Mark Green links rise in autism to vaccines, says Centers for Disease Control appear to “fraudulently” manage vaccine data

Mark Green links rise in autism to vaccines, says Centers for Disease Control appear to “fraudulently” manage vaccine data

PHOTO: Congressman-elect Mark Green speaks during his town hall meeting Tuesday night in Franklin. / Photo by Alexander Willis


Congressman-elect Mark Green criticized the Center for Disease Control (CDC) during his town hall meeting Tuesday night in Franklin, saying some of its data on autism is “maybe fraudulently managed,” as well as raising concerns that the rise in autism could be attributed to the preservatives contained in vaccines.

“I have committed to people in my community up in Montgomery County to stand on the CDC’s desk and get the real data on vaccines, because there is some concern that the rise in autism is a result of the preservatives that are in our vaccines,” Green said. “So as a physician, I can make that argument, and I can look at it academically, and make the argument against CDC if they really want to engage me on it.”

A graduate of Boonshoft School of Medicine in Ohio, Green served as a flight surgeon in the United States Army, practiced medicine as a physician, and founded Align MD, an emergency room staffing agency.

The CDC, a government agency tasked with health promotion and disease prevention, states that thimerosal, a common preservative in vaccines used to prevent the growth of bacteria, “has been shown to be safe when used in vaccines,” and that “scientific research does not show a connection between thimerosal and autism.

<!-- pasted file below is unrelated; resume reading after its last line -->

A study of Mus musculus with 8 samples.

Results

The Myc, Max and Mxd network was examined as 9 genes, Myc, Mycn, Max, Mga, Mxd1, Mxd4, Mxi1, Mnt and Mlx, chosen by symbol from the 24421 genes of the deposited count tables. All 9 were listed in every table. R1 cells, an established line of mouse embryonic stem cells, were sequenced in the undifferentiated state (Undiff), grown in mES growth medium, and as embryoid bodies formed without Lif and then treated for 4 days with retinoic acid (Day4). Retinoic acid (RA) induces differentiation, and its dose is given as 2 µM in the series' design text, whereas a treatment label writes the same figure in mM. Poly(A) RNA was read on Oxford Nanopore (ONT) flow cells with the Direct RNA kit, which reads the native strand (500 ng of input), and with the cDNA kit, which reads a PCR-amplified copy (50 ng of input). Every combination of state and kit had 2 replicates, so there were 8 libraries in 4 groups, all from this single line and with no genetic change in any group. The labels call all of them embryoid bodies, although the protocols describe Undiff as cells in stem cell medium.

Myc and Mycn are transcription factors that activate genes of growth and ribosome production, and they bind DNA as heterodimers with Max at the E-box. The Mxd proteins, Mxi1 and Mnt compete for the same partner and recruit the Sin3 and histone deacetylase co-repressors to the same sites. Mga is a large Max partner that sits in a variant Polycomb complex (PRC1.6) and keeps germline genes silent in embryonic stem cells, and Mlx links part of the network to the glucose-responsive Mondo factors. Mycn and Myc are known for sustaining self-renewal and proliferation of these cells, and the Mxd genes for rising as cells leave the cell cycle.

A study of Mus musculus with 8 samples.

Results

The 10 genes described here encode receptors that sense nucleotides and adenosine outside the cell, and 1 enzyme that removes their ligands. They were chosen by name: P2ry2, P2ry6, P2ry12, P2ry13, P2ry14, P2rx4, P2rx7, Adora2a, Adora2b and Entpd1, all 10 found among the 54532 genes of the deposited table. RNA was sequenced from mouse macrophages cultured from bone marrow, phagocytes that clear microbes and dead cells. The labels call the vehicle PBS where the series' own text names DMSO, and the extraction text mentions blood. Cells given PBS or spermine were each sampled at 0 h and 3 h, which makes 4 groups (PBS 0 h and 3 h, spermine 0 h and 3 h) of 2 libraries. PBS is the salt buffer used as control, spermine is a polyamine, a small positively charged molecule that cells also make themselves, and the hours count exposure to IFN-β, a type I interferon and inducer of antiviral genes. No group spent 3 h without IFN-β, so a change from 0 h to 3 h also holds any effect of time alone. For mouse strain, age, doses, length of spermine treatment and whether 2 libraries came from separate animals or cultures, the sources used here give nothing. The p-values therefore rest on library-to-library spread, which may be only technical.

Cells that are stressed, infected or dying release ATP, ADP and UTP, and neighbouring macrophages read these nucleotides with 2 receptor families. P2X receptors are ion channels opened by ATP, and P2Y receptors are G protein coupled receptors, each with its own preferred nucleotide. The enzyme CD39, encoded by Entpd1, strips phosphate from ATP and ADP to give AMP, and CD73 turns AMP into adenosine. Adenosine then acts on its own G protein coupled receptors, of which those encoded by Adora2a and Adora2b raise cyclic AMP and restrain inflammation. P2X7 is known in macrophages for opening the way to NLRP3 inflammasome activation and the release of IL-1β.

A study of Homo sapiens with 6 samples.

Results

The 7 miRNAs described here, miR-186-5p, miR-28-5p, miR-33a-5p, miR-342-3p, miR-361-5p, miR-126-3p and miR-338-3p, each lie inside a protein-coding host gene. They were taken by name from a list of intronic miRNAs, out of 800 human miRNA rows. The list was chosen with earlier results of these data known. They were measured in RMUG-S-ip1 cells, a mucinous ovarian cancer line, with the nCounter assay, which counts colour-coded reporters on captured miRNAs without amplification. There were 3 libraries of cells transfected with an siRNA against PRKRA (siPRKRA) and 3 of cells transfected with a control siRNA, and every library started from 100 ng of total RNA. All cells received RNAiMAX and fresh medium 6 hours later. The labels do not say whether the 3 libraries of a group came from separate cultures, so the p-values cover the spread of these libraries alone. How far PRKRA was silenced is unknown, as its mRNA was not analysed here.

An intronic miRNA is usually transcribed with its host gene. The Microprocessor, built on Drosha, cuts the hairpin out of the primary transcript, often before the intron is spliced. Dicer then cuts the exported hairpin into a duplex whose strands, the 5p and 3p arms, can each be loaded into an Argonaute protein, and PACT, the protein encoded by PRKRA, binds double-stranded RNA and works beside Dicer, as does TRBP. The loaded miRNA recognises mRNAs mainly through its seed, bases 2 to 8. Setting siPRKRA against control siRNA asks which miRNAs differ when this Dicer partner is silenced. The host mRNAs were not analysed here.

Green alleges that the CDC has, potentially, produced intentionally fraudulent data on the topic of autism and its connection to vaccines.

“It appears that some of that data has been, honestly, maybe fraudulently managed,” Green said. “So we’ve got to go up there and stand against that, and make sure we get that issue addressed.”

Green was responding to a question from a self-proclaimed mother of a child with autism, who had asked Green if he would commit to protecting Medicaid as congressman.

Green said it was difficult to make such a commitment on the spot, but that he “has a heart for these patients,” citing a personal experience during his medical career.

“I will never, ever forget the little boy who came into my rotation when I was in residency,” Green said. “He had a pneumonia that had developed into what’s technically called an empyema… his lung was just full of pus, because he couldn’t say what was going on with him. So you have my word, I will do everything I can that’s within my power.”